Chronicles of Narnia: The Magician’s Nephew

Narnia Nostolgia Part 5

The BBC Radio 4 & the Radio Theatre Dramatizations

January 30, 2010

The Narnia books have also been produced as radio plays. All seven books were adapted by both the BBC and Focus on the Family.

BBC Radio 4 aired The Magician’s Nephew and The Lion, the Witch, and the Wardrobe in 1988. A few years passed until the series was taken up again in 1994 with The Horse and His Boy, and finished in 1997 with The Last Battle. These were produced originally under the series title “Tales of Narnia.”

Focus on the Family Radio Theatre Box SetFocus on the Family Radio Theatre began their series with the more popular Lion, the Witch in 1998, but went back “to the beginning” with Magician’s Nephew in 1999. The series was completed in chronological order with The Last Battle being aired in 2002. (CD sets of the Focus series are numbered in chronological order, beginning with Magician’s Nephew.)*

The following is an introduction to the radio plays, and a review of both versions of The Magician’s Nephew.

Different mediums require different methods and stratagems. As the old saying goes, “A picture is worth a thousand words,” so it is only natural that differences will arise among the original books, the radio plays, and the videos. Both the books and the radio plays revolve around words – but not words exclusively. A book may also add maps, illustrations, and pictures; a radio play adds voice inflection and sound effects. In a movie, you can have relatively long periods of silence where pictures are conveying the story, but in a radio play, “dead air” kills the story.

An advantage of both the written medium and radio is that it leaves much to the reader’s (or listener’s) imagination. For film, writers and directors must work out the details (usually with a large team of prop designers, special effects people, etc.) of how every detail should look. Instead of hearing descriptions of what everything is like, the viewer sees it.

The difficulty of an audio play is, then, that it must accomplish much in words, while not just feeling like a “reading” of the text – for then it would be just an audio book. Since there are so many words involved, radio plays are usually read directly from the script instead of being memorized. This often results in a rather stilted presentation. Both radio versions of The Magician’s Nephew suffer from this, but the actors in the Focus on the Family version do a much better job of sounding like they are actually “in” the story.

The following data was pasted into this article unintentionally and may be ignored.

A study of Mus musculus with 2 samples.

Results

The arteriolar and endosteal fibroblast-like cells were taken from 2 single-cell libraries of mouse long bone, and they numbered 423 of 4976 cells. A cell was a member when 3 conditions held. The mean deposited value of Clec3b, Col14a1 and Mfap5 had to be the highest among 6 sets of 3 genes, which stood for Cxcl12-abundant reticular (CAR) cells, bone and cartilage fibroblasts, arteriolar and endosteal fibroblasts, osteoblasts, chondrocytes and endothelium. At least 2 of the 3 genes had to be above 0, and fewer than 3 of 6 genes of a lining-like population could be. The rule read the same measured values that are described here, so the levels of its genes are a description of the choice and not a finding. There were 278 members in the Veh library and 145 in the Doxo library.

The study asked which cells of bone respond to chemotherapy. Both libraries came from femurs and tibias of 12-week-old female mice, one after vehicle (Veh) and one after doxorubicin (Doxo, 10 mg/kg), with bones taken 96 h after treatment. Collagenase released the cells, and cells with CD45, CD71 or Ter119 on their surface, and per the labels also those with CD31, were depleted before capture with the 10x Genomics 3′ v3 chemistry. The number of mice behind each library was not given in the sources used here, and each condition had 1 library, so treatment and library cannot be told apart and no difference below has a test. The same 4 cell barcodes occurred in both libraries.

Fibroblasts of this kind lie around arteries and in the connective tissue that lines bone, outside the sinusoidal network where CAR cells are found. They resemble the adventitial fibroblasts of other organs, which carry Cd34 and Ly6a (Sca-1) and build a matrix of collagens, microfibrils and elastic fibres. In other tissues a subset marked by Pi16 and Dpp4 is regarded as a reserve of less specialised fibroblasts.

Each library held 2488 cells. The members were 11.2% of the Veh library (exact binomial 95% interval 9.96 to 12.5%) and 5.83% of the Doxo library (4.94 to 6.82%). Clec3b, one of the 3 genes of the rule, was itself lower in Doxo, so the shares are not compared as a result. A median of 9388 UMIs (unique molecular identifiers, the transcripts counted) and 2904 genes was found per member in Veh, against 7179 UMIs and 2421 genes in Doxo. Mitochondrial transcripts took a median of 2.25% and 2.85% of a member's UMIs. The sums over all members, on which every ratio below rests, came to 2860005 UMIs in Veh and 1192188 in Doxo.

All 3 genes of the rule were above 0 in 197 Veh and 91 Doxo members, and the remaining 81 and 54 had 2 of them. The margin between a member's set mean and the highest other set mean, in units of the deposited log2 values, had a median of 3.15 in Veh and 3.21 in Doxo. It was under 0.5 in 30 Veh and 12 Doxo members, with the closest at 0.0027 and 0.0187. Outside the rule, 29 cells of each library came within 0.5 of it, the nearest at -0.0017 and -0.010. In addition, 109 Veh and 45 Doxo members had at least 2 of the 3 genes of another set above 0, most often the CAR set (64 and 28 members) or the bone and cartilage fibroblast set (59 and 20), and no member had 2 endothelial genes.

The acting in the Focus version is much better, and the story is helped by appropriate music and sound effects. While the BBC Radio 4 version uses (sparingly) what sounds like synthesized music, the Focus dramatization is backed by a full orchestra. The sound effects in the British version are often poorly done, while those in the Radio Theatre production are excellent. For example, when the children and the Witch are fleeing the ruins of Charn, you mostly hear slow footsteps in the BBC adaptation, while you hear running footsteps and crumbling buildings in the Focus version. This is enhanced further with dramatic music.

An added bonus to the Radio Theatre version is that Douglas Gresham, step-son of Narnia author C S Lewis, shares a few insights at the beginning and end of the story. These short sound bites are almost worth the price of the CD’s by themselves.

A word of appreciation must be given to the writers who adapted the books for these dramatizations. Brian Sibley (BBC) and Paul McCuster (Focus) have faithfully followed the books and should be praised for their fine work as playwrights. McCuster was not afraid to embellish a bit to emphasize a theme in the book. (For example, the scene with Digory and his mother in her room before he ends up in Narnia is added to strike home his desire to see her recover from her illness.) And Sibley’s addition of a grown-up Digory as the storyteller helps to make the narrator’s voice more personal (although Lewis often uses the narrator in later books to let the reader in on things Digory would not have known about).

If you would like to familiarize (or re-familiarize) yourself with The Chronicles of Narnia, either radio drama would do well for that purpose. Focus on the Family does not recommend the Radio Theatre series for those under eight years of age, and that, perhaps, is a good recommendation for the books and videos as well.

The Radio Theatre production can be purchased online through the usual American outlets. For those in the United States, the BBC Radio adaptation may be hard to come by, and usually must be imported from Great Britain (which is rather expensive). There are copies available on the Amazon UK website amazon.co.uk.